Friday, March 11, 2011

Doll Houses the Series....Part 2....Louis Marx

I decided to start with tin lithograph houses, as currently they seem to be the most popular. The most famous of all the lines of tin dollhouses is the Marx line.  In the 1950's the company dominated the production of tin houses and plastic doll furniture. 

Marx produced their first tin houses in 1949, starting with model  # 4079 (not lighted) and # 4080 (lighted) 2 story colonial with patio deck and the wonderful Disney nursery. These first models had a garage under the upstairs patio. After 1951 a utility room replaced the garage. The Disney room was replaced by either the tin soldier or ABC theme. Houses with the Disney theme nursery are valued higher.

Photo courtesy of RetroVintageBazaar

The Marx dollhouses are simply beautiful, wonderfully detailed, and for the time period, depicted all the comforts and conveniences of the 1950's.  Fully decorated interiors and exteriors which included brick, siding, shingles, shutters, porch lights, shrubs, flower boxes and climbing vines just to name a few.   

The rarest of all the Marx doll house is the 1962  2-story Colonial with breezeway and bomb shelter in place of the utility room. The house was produce for only one year and in very limited supply.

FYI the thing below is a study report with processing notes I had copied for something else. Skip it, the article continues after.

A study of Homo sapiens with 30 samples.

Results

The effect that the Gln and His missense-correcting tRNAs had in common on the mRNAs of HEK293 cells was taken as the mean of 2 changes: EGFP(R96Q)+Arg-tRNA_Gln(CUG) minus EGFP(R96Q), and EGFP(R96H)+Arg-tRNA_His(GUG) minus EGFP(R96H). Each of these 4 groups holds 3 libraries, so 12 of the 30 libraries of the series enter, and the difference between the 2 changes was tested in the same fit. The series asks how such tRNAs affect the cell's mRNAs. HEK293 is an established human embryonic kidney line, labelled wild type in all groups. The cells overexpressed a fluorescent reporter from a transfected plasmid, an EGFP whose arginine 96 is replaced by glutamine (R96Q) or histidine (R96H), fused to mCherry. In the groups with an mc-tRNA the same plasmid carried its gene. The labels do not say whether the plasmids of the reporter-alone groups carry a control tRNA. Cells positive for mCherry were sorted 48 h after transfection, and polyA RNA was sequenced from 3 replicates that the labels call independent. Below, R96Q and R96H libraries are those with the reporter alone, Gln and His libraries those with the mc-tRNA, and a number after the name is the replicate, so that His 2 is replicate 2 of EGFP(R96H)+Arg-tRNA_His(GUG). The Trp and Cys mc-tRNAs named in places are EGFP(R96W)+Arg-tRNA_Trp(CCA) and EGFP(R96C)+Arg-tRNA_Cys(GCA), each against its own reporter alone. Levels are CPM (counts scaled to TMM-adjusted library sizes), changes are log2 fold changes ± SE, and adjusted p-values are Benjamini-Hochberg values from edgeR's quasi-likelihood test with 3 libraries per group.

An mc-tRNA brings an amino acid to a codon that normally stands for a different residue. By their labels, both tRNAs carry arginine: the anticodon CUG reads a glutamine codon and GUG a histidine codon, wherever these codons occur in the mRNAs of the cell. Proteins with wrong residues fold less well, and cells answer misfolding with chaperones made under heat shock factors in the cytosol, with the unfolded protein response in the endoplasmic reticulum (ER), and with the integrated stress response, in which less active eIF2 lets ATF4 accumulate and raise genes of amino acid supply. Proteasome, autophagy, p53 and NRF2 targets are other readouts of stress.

Photo courtesy of  akissofromance

The Marx furniture was sold mainly with the dollhouses, had one-piece construction (with exception of a tall utility cabinet with an opening door) and made in solid colors. Marx furniture was produced in either ¾ or ½ scale in both hard and soft plastic. The hard plastic is older and more valuable than the soft plastic furniture. Not all pieces were hallmarked. The furniture is worth collecting, as it will surely add to the fun and value of your Marx dollhouse.

When Marx first produced a dollhouse family and several individual people in varying poses they were made of a rubber vinyl, while the later figures were made of hard plastic, and then soft plastic. The people were made of one color and all in one piece. By the 1960’s Marx changed the family to include bendable dolls with “real” clothing and a boxed set of flexible joint dollhouse figures.

Next time I am leaning towards Wolverine houses and furniture. Remember that at the end of this series will be our BIG reveal that has been a culmination of work over the past 40 years.. So stay tuned in, and please feel free to comment.